Who is the 21st Century Teacher?

There’s a Buddhist saying: “When the student is ready, the teacher will appear.” For the last several months, I have been engaged in research via the blogosphere and Twitterverse that sometimes feels nothing less than a Master’s thesis. Last January, I led a Middle School Steering Committee at my school whose main purpose was to produce two documents: Portrait of an ACDS Graduate and Characteristics of Professional Excellence. The committee was composed of veterans and newbies a learning specialist and the Director of Marketing. We met monthly for at least an hour, and sometimes we met on a Sunday evening to give ourselves enough time. We eventually ended up renaming the Portrait of an ACDS Graduate to Portrait of an ACDS Graduate of 2020. Those last two words made a significant difference to our discussion; it was as if we had been liberated as we imagined not the graduate of tomorrow but the graduate of nine years from now. We tried to imagine what skills and dispositions the ACDS Graduate of 2020 would need to be successful not simply in high school but in life. In other words, we wanted the document to represent more than just academic skills; what life skills would any learner need in 2020 to navigate the virtual and physical worlds they’d occupy?

We were proud of our efforts and made plans on how we could use it as a lens, a filter of sorts through which strategic decisions would be made in the future. What became immediately clear to me is that as we had created this document of the 21st century ACDS Graduate, we needed the second document we worked on – Characteristics of Professional Excellence – to reflect the 21st century ACDS Teacher. This task has proven somewhat harder, not in the definition but in its implementation. Change is hard and we have created a structured plan that allows for us to move in a measured pace with accountability built in.

So who is the 21st century teacher? The 21st century teacher:

  • Is a facilitator and a guide in the classroom 
  • Models self- and collaborative learning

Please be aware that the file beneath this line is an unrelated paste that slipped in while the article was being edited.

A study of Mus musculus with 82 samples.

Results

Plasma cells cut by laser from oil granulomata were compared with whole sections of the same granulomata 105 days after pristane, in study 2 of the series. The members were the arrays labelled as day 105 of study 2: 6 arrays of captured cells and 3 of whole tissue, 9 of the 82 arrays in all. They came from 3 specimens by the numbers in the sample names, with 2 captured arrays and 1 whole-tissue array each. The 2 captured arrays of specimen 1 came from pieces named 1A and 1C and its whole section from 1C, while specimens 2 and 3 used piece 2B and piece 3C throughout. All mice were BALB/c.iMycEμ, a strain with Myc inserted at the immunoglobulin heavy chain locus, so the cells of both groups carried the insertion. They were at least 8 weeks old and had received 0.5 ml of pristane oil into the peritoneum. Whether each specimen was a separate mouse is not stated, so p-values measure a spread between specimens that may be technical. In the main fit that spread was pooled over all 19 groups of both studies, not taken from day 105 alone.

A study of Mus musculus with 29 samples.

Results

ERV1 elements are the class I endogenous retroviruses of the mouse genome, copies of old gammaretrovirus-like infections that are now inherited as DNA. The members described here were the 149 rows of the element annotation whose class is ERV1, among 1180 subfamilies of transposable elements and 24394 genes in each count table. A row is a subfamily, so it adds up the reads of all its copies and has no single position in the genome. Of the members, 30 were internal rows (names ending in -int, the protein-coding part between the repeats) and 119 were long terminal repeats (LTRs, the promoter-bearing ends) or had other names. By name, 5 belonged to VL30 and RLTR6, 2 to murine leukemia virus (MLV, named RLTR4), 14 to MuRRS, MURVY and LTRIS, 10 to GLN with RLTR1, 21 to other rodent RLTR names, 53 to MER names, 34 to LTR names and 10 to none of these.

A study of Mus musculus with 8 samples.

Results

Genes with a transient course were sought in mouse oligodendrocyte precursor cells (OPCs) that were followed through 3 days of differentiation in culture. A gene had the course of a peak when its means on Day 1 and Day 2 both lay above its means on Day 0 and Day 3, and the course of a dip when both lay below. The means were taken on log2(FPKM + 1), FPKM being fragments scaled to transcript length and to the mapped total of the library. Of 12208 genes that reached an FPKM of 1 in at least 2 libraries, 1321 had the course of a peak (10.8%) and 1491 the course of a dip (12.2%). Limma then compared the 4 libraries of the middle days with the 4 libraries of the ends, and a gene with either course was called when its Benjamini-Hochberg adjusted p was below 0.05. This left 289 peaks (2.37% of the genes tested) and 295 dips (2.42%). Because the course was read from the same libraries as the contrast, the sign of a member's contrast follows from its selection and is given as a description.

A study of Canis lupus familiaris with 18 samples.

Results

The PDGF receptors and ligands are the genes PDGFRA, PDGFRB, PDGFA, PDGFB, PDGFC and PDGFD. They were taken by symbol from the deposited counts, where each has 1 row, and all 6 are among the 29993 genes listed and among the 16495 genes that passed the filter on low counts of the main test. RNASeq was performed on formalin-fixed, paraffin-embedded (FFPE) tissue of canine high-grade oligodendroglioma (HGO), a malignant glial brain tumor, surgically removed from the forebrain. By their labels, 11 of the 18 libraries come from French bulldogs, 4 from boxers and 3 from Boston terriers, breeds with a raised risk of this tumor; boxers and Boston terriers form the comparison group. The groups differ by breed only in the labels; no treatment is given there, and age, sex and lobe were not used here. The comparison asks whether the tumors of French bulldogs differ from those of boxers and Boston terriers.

• Connects virtually and physically with a wide and diverse network of educators and other professionals across the world 
  • Is of a community rather than just in a community
  • Values and demonstrates cross-cultural competence in and out of the classroom
  • Uses blended learning to create an interactive and inquiry-based student-centered classroom
  • Uses professional development – traditional and virtual – to stay current with promising practices
  • Seeks out and uses constructive feedback from students and peers/administrators to inform teaching
  • ??? (Please add your own to this list in the comments!)

Future posts will look at what we are doing at ACDS to bring about this change in our practice, as well as ways we intend to use the Portrait of an ACDS Graduate of 2020 document. I will also comment on other trends and topics relevant to both parents and educators in the 21st century. For more resources, you can follow me on Twitter or check out an online newspaper I curate every day called The 21st Century School and Home.

8 thoughts on “Who is the 21st Century Teacher?

  1. A very thoughtful and clear listing. Thank you. Here a few more ideas for your list.

    Finding ways to engage students in learning activities/projects giving them ownership over information gathering and learning project creation involves a great deal of creativity. This creativity process also involves knowing how to design meaningful WebQuests, eTextbooks, slideshows, video, etc. as delivery mechanisms for the projects. Effective teachers know how to move beyond textbooks to create their own curriculum resources often partnering with their students in the process.

    Educators having the skills of “Information and Communication Literacies” (ICL) connects to your PD point of knowing where to get information while also being a part of a community by sharing one’s ideas via blog posts, journal articles, podcasts and/or tweets. The literacies of media and information interpretation, selecting the technology tools to best meet the task, good design as in layout and image use, etc. are what we teach the students so we should of course be modeling them.


    1. David,

      I agree completely. As we consider 21st century skills for our students – creativity and design-thinking paramount on most lists – we must provide adequate professional development and training for our teachers to model the same in their curricula and lessons.

      Thanks for stopping by my blog!


  2. The wonderful thing about the Portrait of a Graduate of 2020 is that it is a clear, almost tangible list of attributes and descriptions to which we can keep pointing ourselves and our actions. It was so great to see the categories of the portrait show up in a template for students as they prepare for their student led conference with parents. In each category were the behaviors and actions that demonstrated the acquisition of the characteristic of the Graduate.

    The Characteristics of Professional Excellence may need the same sort of personal reflection that we are asking of our students.